Golfers will be mic'd up at Charles Schwab Challenge to liven up bare-bones broadcast

Golf will be returning on Thursday for the first time in 90 days with the Charles Schwab Challenge, but it won’t be like it was before COVID-19. There will be no fans watching players trek from hole to hole at Colonial Country Club in Fort Worth, Texas, and commentator Jim Nantz will be all alone in the broadcast booth.

If that sounds like kind of a snooze to you, you’re not alone. CBS, the network broadcasting the tournament, agrees. So on a conference call Monday, CBS Sports chairman Sean McManus revealed a few of the things the network is doing to liven up the TV broadcast, and maybe even modernize golf a little bit in the process.

“Confession cam” and mic’d up players

The biggest thing they’re trying is something that’s been done in the NFL, MLB, and even on the recent “The Match” with Phil Mickelson, Tiger Woods, Tom Brady, and Peyton Manning: attaching microphones to the players’ shirts so their chatter and honest reactions can be heard on the broadcast.

According to the Associated Press, TV networks have been pushing for the players to wear microphones for years, but most have been resistant. But with the sport facing unprecedented circumstances, several have reportedly already committed to wearing them. Their names haven’t been revealed, but the network is “aggressively” pursuing commitments from other players.

The players will also be able to use a “confession cam,” set up in a tent near one of the tees. They’ll enter the small tent and talk into a remote camera, answering a question printed on a card. Those “confession cam” sessions won’t be broadcast live, but will instead be inserted into the broadcast where appropriate.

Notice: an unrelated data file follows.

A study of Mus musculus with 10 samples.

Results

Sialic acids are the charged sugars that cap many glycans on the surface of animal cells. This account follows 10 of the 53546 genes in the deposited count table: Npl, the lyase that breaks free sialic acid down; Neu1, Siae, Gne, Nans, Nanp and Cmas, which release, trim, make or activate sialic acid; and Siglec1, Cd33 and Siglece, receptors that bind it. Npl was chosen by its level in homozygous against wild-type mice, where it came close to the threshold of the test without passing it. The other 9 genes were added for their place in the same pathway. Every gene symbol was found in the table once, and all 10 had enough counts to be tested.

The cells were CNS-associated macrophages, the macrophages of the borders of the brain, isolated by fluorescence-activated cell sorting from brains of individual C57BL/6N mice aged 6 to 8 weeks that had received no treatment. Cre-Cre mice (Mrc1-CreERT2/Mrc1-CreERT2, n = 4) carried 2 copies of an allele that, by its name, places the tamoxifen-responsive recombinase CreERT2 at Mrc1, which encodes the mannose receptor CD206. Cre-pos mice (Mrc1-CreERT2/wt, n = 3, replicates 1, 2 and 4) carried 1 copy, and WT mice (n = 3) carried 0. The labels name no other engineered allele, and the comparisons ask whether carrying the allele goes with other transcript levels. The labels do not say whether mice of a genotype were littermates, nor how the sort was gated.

Dustin Johnson and Rory McIlroy were both mic'd up during TaylorMade Driving Relief back in May. (Photo by Mike Ehrmann/Getty Images)
Dustin Johnson and Rory McIlroy were both mic'd up during TaylorMade Driving Relief in May. (Photo by Mike Ehrmann/Getty Images)

Onus on players to liven up the broadcast

Nantz, who will be without broadcast partner Nick Faldo, said that he expects this particular tournament to be “one of the great challenges I’ve seen in my 35 years.” And he knows that he won’t be able to make it successful on his own — the players need to do their part.

“I want this to be expressed — ‘Guys, we need your help. We’re not asking for a lot,‘” Nantz said on the conference call, via the AP. “If you had a chance to hear from 30 players in the field, you can’t imagine what a difference that could make to our broadcast. All they have to do is walk over and talk into a confession cam. We need the players’ help.”

While it will be a strange weekend for both him and the players, Nantz feels like this is a real chance for golf to move forward and make itself more appealing at a moment when the nation’s eyes will be on it.

“It’s a wonderful opportunity for the game ... to go before a sports-starved nation and have a chance to create a wider fan base than it’s ever been before,” Nantz said. “A lot has to be personality driven. We need to hear from the players. It’s something that’s not obtrusive. It’s an opportunity for players to invest in their own game.”